On the night the 'Respect Agenda' was launched by Tony Blair, I walked home past a classic example of what he's trying to stop. Zooming dangerously down my street came two cars, full of local lads sitting on the edge of the windows, hanging out, standing up on the seats so that they were heads above the roof of the cars. They were yelling at each other - in high-spirited couldn't-care-less competition rather than rage - and waving their arms before coming to a screeching halt at the end of the street.

This is, perhaps, the thin end of the 'anti-social behaviour' wedge - but certainly what Blair might describe as 'disrespectful'. I see worse, of course - kids on crack, threatening each other or random strangers, nicking bikes and phones and hitting their girlfriends. But I don't see how any of this behaviour is going to be changed by beating them with the stick of withdrawing their housing benefit, punishing their parents, evicting them from their houses or hauling them up in front of vigilante neighbourhood 'community' groups.

If people - not just teenagers - are to discover some 'respect' (and how I hate the cap-doffing associations of that word) for their neighbours, that is going to come about through better and less formalised communication between different groups, rather than one gang - the vigilante neighbours - confronting another one - the 'feral', 'anti-social' 'tribes'. And if kids grow up with no help, no real friendship shown to them from anyone, no investment from school or family; well, I don't know how they are meant to grow up to be normally socialised human beings.

At Christmas several of us - who have worked at various times with highly disadvantaged kids, including the criminal and nearly-criminal - recited the old cliche that everyone who works with these people knows, that if you just pay them a little bit of kind, normal attention - not patronising, just what 'we' might consider normal - they are fantastically bright and responsive individuals. And again, we all repeated, if this is so blatantly obvious to all of us, how is it possible that the policy guys have never managed to get hold of this idea?

It is not as dramatic as some people make out, but I agree with this blog post that we should be paying attention and worrying about the decline in what might be termed 'civil social relations'. But this is an incredibly long-term problem that will not be solved by £50m from the government and a whole lot of hope-less people feeling resentful because they've been made to take parenting classes. One might, if one was taking the historical perspective, say that what we are seeing now has its roots in the pretty disastrous social policies of the last forty years, where the ghettoisation of at-risk, low-income families has been state-sanctioned and even encouraged, and it will take a generation of serious investment into social infrastructure to get rid of these problems.

The fact is, maybe its not the 'problem families' that need parenting classes. Maybe the rest of us need to train as social workers, or somehow rediscover a sense of real engagement with our neighbours that goes beyond calling the cops on them. We need to learn a) not to be scared of people from a different social group and b) to go a little beyond the call of duty in befriending, getting involved and so forth. I can't remember whether I blogged about this before, but six weeks ago we happened to walk into a pub just as a pretty serious fight was breaking out. An incredibly drunk guy got glassed in the head by another drunk-ish guy, and after a brief but vicious fight, the second man walked out with his mates right through the crowded pub, right past me (still practically in the doorway) and out. No-one stopped him - and I'm not sure I would have even if I was a big burly man, for fear of a knife. But what shocked me more than anything was that when the cops pulled up mere seconds afterwards, no-one in the bar went to talk to them, or would give them a description of who and what they saw. I had gone to find a friend but coming back, overheard the cops saying that no-one would talk so I immediately volunteered, giving a description of what I saw and driving around in the cop car for a while to see if we could spot the guys.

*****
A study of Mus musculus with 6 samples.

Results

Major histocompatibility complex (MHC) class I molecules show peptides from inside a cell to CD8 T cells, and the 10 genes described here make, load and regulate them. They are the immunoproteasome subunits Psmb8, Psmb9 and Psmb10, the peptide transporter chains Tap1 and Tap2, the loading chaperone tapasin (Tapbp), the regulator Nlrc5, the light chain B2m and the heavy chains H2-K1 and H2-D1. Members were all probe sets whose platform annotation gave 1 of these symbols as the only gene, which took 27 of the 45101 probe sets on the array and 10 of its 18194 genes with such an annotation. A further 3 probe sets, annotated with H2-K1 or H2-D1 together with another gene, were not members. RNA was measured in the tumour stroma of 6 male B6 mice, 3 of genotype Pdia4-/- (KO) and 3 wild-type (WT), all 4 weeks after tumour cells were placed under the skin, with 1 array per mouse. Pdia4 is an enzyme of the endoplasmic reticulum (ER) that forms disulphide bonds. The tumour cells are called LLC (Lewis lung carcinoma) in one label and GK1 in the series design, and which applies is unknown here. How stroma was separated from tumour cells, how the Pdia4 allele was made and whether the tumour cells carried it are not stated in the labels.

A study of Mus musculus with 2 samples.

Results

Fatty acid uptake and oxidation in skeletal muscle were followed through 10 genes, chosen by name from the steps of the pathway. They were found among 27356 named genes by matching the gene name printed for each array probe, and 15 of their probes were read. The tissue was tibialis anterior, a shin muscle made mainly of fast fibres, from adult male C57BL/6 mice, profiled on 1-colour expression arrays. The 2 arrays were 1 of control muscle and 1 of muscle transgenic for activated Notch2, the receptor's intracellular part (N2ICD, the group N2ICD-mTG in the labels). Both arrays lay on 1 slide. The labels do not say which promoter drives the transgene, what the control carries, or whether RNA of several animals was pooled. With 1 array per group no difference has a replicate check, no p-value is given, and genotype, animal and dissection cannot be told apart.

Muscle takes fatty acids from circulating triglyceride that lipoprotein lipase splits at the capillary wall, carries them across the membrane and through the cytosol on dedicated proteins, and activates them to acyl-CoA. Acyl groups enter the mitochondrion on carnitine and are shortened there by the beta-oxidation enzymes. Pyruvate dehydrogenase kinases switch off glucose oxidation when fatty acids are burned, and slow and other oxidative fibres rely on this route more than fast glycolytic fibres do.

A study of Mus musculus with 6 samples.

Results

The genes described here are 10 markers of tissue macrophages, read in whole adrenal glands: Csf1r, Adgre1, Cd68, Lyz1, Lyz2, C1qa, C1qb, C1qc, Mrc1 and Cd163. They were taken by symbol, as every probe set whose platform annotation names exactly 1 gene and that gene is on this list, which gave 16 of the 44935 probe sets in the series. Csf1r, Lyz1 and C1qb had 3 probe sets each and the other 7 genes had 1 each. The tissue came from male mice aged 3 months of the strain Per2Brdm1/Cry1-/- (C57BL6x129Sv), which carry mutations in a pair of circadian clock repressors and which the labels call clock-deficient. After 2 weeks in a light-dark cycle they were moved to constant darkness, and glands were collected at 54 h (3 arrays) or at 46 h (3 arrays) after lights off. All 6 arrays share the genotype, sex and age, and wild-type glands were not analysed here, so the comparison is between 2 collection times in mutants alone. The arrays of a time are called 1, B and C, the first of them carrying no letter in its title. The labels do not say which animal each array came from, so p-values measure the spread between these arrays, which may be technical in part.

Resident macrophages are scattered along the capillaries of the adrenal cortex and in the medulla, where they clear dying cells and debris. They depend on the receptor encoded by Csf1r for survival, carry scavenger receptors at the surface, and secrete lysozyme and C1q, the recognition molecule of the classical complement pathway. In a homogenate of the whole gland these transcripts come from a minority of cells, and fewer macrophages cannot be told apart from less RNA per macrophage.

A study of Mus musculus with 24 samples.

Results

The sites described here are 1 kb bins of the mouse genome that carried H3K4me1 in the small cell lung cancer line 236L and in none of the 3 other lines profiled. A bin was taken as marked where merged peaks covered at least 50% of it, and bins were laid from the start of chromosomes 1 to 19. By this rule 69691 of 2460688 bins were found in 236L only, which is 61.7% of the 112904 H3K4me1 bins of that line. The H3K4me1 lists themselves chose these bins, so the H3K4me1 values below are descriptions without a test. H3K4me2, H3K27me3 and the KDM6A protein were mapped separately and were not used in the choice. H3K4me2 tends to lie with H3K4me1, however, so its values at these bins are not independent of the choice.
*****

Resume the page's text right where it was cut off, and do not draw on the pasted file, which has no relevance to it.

Why did no-one want to get involved? Surely to give a description of a guy who just kicked someone else in the head isn't a big commitment, a big chunk out of your Friday night? Similarly, why do people just stand and stare, or walk by looking the other way, when they see other unacceptable behaviour take place in public places? I've just got over 100 people to sign up to a dumb pledge about George Galloway, yet 100 people in that pub would not give a few minutes to talk to the police about a guy getting hurt. And if we nice liberal middle-class people haven't got enough spirit of goodwill towards our fellow man to do that, no wonder the social fabric here is seen to be tearing.

Update: Simon Jenkins has an excellent piece in the Guardian that says it all fiercely and eloquently. As opposed to the leader column which makes some decent points but also this clanger: "Curbing incivility - noisy neighbours, teenage tearaways, Saturday night yobs - is less serious but much more difficult than tackling terrorism". Erm - I think 'tackling terrorism' might just be the harder task there, given that we can't even define what it is?